Henry Richter, who owns a high-profile downtown Chandler property that government officials want for a new bus route serving light rail, says he’s not happy with the offered purchase price, but it’s better than having it taken through eminent domain.
The Chandler City Council on Monday is expected to consider a deal to buy Richter’s 10,000-square-foot residential property — just north of a city pocket park on the northeast corner of Arizona Avenue and Chandler Boulevard, in a predominantly commercial strip across the street from the Chandler Center for the Arts — for $190,000, plus closing costs of about $900.
“That’s the figure we settled on. What can you do?” Richter said.
He called the city’s initial offer of $125,000 “a joke.” However, he said he’d rather sell the land to the city voluntarily than to have it condemned.
Richter countered with an offer of $240,000, according to a recent report by Erich Kuntze, a Chandler real estate manager. The final price was negotiated over several months.
“These negotiations took into consideration market conditions for rental properties in the area, the current appraisal, the property rights being acquired, project timing, the cost and time required to prosecute a condemnation action, and the potential of a higher award due to the property’s location,” Kuntze wrote.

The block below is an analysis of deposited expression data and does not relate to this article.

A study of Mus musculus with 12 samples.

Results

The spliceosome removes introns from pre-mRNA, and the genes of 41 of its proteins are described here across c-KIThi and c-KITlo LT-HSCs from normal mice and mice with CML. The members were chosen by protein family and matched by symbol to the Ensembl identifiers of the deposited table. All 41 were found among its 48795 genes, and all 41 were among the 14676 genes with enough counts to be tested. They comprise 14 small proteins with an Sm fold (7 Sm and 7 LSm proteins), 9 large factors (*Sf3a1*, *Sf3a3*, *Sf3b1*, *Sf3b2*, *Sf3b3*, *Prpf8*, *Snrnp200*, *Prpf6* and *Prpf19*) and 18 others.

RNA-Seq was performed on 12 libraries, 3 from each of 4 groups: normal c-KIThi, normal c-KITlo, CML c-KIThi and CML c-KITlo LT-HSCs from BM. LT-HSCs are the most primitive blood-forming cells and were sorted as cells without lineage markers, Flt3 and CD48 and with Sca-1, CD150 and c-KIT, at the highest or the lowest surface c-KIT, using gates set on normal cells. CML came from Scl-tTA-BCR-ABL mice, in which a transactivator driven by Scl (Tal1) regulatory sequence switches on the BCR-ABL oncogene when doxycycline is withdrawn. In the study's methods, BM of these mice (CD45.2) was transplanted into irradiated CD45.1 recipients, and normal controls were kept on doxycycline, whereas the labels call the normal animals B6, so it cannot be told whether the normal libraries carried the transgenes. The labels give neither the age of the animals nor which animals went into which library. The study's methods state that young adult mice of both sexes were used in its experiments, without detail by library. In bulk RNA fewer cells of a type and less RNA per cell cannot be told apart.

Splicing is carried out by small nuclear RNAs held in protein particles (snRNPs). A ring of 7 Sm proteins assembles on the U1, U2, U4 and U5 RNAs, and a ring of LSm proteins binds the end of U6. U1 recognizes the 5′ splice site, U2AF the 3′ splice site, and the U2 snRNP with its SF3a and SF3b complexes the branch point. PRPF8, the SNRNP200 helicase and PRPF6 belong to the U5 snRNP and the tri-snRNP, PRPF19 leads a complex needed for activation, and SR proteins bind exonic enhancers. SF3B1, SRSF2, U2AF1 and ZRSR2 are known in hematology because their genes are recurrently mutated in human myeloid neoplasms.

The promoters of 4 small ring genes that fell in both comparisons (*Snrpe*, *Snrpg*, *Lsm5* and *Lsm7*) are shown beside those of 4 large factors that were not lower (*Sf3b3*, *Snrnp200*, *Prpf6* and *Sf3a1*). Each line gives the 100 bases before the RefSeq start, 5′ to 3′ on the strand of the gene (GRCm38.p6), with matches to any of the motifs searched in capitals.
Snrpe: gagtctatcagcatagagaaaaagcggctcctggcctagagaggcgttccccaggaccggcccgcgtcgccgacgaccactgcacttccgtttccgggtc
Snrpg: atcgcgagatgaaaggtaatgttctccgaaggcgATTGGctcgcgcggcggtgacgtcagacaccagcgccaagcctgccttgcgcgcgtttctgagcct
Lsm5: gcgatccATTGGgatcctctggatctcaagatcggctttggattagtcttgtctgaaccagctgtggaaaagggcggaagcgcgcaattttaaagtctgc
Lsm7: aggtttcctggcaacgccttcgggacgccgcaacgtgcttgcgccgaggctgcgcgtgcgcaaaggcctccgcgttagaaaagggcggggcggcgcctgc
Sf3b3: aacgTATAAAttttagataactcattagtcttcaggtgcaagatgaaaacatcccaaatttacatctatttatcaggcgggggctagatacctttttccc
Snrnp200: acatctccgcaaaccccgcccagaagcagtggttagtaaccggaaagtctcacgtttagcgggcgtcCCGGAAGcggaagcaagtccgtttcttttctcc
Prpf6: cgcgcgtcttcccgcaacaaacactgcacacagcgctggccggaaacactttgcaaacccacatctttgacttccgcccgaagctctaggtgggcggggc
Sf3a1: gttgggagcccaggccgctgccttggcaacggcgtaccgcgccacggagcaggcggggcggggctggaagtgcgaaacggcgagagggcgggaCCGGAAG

Last August, the City Council voted 4-2 to authorize the use of eminent domain if the negotiations were unsuccessful. An existing bus bay that already cuts into the front of the property will be expanded for the new rapid-transit bus route, leaving the property without access to Arizona Avenue.
The land contains a detached home and a duplex. Chandler officials have said that the city will help the occupants, who are all renters, with relocation costs.
The new LINK route will run from the Tumbleweed Park & Ride at Germann Road and Hamilton Street in south Chandler up Arizona Avenue/Country Club Drive to Main Street in Mesa, then turn west and run to Sycamore Station, the easternmost terminus of the light-rail system.
Once the deal is finalized, the city would be reimbursed with federal stimulus funds from the U.S. Department of Transportation Federal Transit Administration through Valley Metro.
“FTA finds that the settlement is reasonable, prudent and in the public interest,” said Leslie Rogers, FTA regional administrator, in a Feb. 4 letter to the Phoenix Public Transit Department.
All told, the 12-mile route is expected to include about 20 stops in Mesa, Gilbert and Chandler. Construction is scheduled to wrap up in July 2010. The total cost for design, land acquisition and construction is expected to run about $12.5 million, paid out of a $15 million pot of federal stimulus funds.
Chandler also is working to acquire small portions of 15 commercial properties along the route. Valley Metro doesn’t have the authority to handle land acquisitions, leaving the city responsible for acquiring the necessary private land. Valley Metro has agreed to reimburse the city up to $940,000 for land acquisition costs.
Last November, Valley Metro agreed to postpone work on the route until after the holiday shopping season to protect local businesses, at the request of Mesa and Chandler officials.
The new route is the East Valley’s second rapid-transit bus line connecting to light rail. An existing route travels along Main Street through Mesa and connects to the same light-rail station.